The Two Man Power Trip of Wrestling sent us the following:

Today The Two Man Power Trip of Wrestling is joined by the Lead Announcer for El Ray Network's Lucha Underground, Matt Striker. John, Chad and Matt get down and deep regarding the success of Lucha Underground and how with the way viewers consume television in 2016 Lucha Underground stands to be a difference maker in how people view Sports Entertainment. We also break down Matt's entire WWE career and find out how a kid from Brooklyn became the kind of breakout star he admired as a lifelong fan of Professional Wrestling.

What can Lucha Underground's Season 2 possibly offer to fans that enjoyed Season 1 so much:

I say this a lot and it always seems to come up and it always seems to be so fitting but if you want to hear God laugh, you tell him your plans. I think I've learned from wrestling and from television that you do what you are there to do and you don't think about tomorrow, tomorrow has enough thought's of it's own to paraphrase so I don't think we know. I think we were having a great time doing Season 1 and other people felt that energy and here we are doing it again and hopefully again and again.

Using the word "Season" when referring to Lucha Underground's presentation of stories:

Well first and foremost I think certain words have worked their way into our lexicon in 2016 that weren't readily at the tip of our tongues in 96. With that said, I think the great term and I don't think they intended it to be this pure and honest when he coined it but it's Sports Entertainment. When you say "Seasons" baseball has a season and Shameless on Showtime has a season so I think that what Lucha Underground is doing is its becoming a sport as well as television show. So the person that says well I don't watch wrestling but they watch Lucha Underground versus the people that say they don't really watch Tele Novella's but they watch Lucha Underground is that it's able to cross everything for a lack of a better term.

Now being a "Lead Commentator" vs. being the "color guy" partners of his getting criticism:

I think that my origins in my teachings lend themselves that whomever is in the chair next to me I am going to work to their strengths in a way from what I perceive to be their weaknesses and I hope that people do the same for me. I don't think the whole assignment of what position am I playing today, am I playing first, am I playing the outfield, I think I am just going to try my best in whichever chair I am sitting in whether it is a two man booth or a three man booth. If people knock Yoshi Tatsu, I use what I am with and who I am working with and I love Yoshi and think he did a great job and I'll talk about that for days too.

What it is like announcing beside Vampiro and how have they built their chemistry to be one of the most solid announce teams in wrestling:


Filming the opening scene of Season 2 and picking up Vampiro from the Insane Asylum and the production value of the overall show.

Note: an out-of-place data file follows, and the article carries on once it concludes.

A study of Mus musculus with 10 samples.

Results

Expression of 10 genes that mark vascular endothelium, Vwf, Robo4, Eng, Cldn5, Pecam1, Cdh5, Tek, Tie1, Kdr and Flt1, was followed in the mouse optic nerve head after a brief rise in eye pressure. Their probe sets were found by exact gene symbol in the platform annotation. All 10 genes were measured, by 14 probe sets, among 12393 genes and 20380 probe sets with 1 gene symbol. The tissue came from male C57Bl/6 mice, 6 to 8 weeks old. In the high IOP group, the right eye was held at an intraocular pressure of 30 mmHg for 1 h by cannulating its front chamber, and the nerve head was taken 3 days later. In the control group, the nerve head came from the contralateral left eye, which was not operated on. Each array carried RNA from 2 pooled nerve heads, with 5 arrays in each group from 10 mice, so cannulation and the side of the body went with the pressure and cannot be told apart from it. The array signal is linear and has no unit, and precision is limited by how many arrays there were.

It was definitely a lot of fun. I don't mean to be self deafening but you could have put a monkey in that scene and it would still look cool. It's just the way it is shot. It was very cool to be a part of it and to see it come to life, out of the guy (who's name is Skip) to see it come to life out of his mind on to the screen is thrilling and is inspiring. The beauty of the show is it crosses boundaries. I am reminded of movies like Goodfellas or shows like That 70s Show where they were shot in a way that they were to convey something like a time period and the way it's shot it conveys something to the viewer and that is a tip of the cowboy hat to Robert (Rodriguez) and everybody else involved in the production and the concepts.

Wrestling fans evolving and wanting to be in on more of a "cool wrestling product":

It is a great question and an analysis and more of a commentary on society as a whole. What is happening that I am noticing you are getting these dissects of fan-bases. You will have almost the "hipster" equivalent to the fan-base that says look at me I am so knowledgable and I can grow a beard and I happen to know when Nakamura first wrestled, ok dude I get it and that's great but the fact that I know Tommy Rich and Buzz Sawyer doesn't make me any different nor better nor anything of a fan than you. So there seems to be that divide. There is also this wave of and I feel like the Lucha Underground fan doesn't want to know the spoilers, they don't want to know the guy's real name, they don't want to know that this guy is dating that girl, they just want to watch the wrestling and that is the kind of fan that I was. I think the Lucha Underground fan is like hey man I like this and I know Breaking Bad isn't real and I know the guy doesn't have cancer but they want to watch and there you go.

In the over ONE HOUR interview with Matt Striker he breaks down his entire run with WWE, his back and fourth duties between wrestling and announcing, Working with WWE Legends, Learning from Vince McMahon, Working Wrestle Kingdom and where he sees Lucha Underground heading beyond Season you will definitely want to DOWNLOAD THIS EPISODE to hear everything from the mouth of YOUR TEACHER!